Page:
Wednesday, July 16, 2014

A Good Range Day

Stopped by the range today, just to check something out on my M-1A.
I love this rifle. I've had it since the 1980's, buying it during the panic caused by George H.W.Bush signing the very first "Assault Weapons Ban" back during his presidency. I bought it new from a local gun shop, and I probably over-paid, but the price back then was $700.00 if I recall, and back then, Springfield Armory was still building them with GI parts; this one has an H&R barrel and a TRW bolt and the smaller bits are a mixed bag but the trigger was near match-grade and she served me well in competitions until I finally retired it after a particularly satisfying President's 100 match at Camp Perry in 2001. (Always go out on a good note, eh?)

I've only had it out a couple of times since, and that within the last year. But something seemed wrong, and my old friend wasn't shooting as accurately or consistently as I remembered. In fact, the last couple of range trips with it were pretty disappointing other than for the nostalgia value, enough so that it troubled me. You see, I love this rifle and clearly something was wrong.

I spent a fair bit of time wondering why it was shooting so bad, and my suspicion fell on the ammunition. The first time, it was reloads that I'd made for the M-60 and to be frank, I'd never cared for the bullets I'd used; they were military surplus ball projectiles from de-milled rounds and they'd been polished to a point where they were a bit more under-sized than I'd have liked. This wasn't an issue for machine gun fodder obviously, as pin-point accuracy isn't really something that MGs are designed to deliver, but maybe it was enough to throw this rifle off on the 100-yard range. So the second time out, I grabbed some de-linked MG ammo that I'd bought intact, figuring that it was nothing more than standard military FMJ in links, but again, the rifle shot like...well, like something a dog leaves in the yard. Now I was worrying that it was the rifle and not the ammo.

So today, I took it out again and started from scratch. I had some 1980's-vintage Winchester white-box stuff that was left over from my match practice days and I started out on the 25 yard line to re-zero the rifle as wit a .308, a 25-yard zero is pretty much identical to a 200-yard zero, and knocking two clicks of elevation off of that should put it right on at 100 yards. The first three rounds gave me a one-hole group a little low and right at 25 yards. A sight adjustment put the second two-shot, one-hole group right where I wanted it. This was how I remember this rifle shooting back in the day, and all it took was a switch back to decent ammo to get it back there again.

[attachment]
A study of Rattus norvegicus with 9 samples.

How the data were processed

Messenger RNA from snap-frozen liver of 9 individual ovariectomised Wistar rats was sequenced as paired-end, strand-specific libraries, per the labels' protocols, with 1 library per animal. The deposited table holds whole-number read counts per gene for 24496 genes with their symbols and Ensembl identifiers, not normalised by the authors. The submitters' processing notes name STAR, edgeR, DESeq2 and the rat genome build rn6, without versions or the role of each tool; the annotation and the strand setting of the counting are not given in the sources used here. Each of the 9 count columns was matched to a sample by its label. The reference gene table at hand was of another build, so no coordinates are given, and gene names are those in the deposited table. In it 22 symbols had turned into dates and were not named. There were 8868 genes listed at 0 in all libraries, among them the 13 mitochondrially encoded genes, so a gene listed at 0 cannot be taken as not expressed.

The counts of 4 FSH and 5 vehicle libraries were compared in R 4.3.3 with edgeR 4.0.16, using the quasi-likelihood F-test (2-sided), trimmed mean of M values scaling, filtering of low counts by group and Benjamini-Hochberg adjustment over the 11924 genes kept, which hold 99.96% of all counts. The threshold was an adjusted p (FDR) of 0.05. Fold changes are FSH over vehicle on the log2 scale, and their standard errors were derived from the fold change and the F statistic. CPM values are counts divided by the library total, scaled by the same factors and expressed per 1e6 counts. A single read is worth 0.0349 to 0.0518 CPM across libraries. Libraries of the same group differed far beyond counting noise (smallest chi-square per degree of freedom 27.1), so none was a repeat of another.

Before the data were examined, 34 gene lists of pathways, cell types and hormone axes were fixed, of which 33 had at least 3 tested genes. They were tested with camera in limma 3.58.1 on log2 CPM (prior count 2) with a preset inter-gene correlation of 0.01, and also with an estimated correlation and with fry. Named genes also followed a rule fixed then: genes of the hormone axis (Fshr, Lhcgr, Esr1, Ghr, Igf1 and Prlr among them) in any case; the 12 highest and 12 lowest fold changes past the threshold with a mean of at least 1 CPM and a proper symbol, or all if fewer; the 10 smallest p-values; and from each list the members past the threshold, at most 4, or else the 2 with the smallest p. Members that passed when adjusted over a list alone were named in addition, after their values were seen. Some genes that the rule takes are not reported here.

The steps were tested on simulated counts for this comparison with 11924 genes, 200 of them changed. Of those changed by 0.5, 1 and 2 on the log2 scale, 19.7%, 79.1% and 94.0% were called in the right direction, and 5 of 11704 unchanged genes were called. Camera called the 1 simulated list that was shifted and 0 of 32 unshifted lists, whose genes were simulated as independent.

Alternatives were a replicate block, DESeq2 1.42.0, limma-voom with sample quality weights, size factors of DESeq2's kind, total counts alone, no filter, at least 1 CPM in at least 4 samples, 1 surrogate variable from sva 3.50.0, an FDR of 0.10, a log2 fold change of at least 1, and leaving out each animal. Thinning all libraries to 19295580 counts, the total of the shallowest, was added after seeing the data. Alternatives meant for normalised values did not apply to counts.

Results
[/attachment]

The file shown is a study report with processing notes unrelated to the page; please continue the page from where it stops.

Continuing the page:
Moving over to the 100-yard line, I fired twenty-five more rounds, and with the exception of two flyers that were my fault, every round fell into the 6" 10x ring of the target I was firing on.

Did I mention that I love this rifle? It still shoots like a dream when I don't feed it crap ammo and I'm planning on taking it back out again tomorrow.
I also shot the Smith and Wesson M&P 40 again, and me and this pistol are starting to get to be friends. I scored a deal on a left-handed Gould and Goodrich leather holster for it so now I can at least carry it properly, and the session with this pistol following on the re-sighting of the M-1A had me leaving the range all happy.

So I went to the big-box store to buy a new gas grill because my old one developed a gas leak and set itself ablaze last night, and as I walked through the parking lot, I couldn't help but smile at these three stickers on a car I saw parked there:

There's always hope for America so long as enough of us keep the right perspective.

Oh--and I got my me new grill, too. And to break it in, I destroyed a rib-eye steak with it for dinner tonight. New grill look, same lousy results. One of these days I have got to learn how to cook or marry me some chick that knows. Sigh.

Still happy though.

15 comments:

  1. About when did they go to investment cast receivers on those?

    I've heard bad things about them, but as long as your has good forged GI parts, it'll probably last forever!



      Supposedly they've got their process down now and the receivers no longer crack when you least need it, but it still scares me to have that particular part being a casting.

      Guess I'll be sticking with my Garand.....



      Machine guns do fire a beaten zone but that's more the gun than the ammo. US military MG ammunition has always been the same stuff that they issue their riflemen, and in an ironic about-face, the CMP has been selling old Greek .30-06 machine gun ammo, linked and de-linked, to Garand shooters here for a few years now and it shoots great.









    Have the pan hot, very hot when you put the steak on.
    Perfect steak recipes abound, almost everyone has one and they are all different. Most are good too. The same goes for grills, wood, LP gas, natural gas, charcoal, lump charcoal, coal, electric, covered or open they all work one way or another.


    Yeah, the whole grill-on-fire thing is exciting with a gas grill. I forgot to empty the fat pan before I put a chicken on last time. It was very full. And very flammable.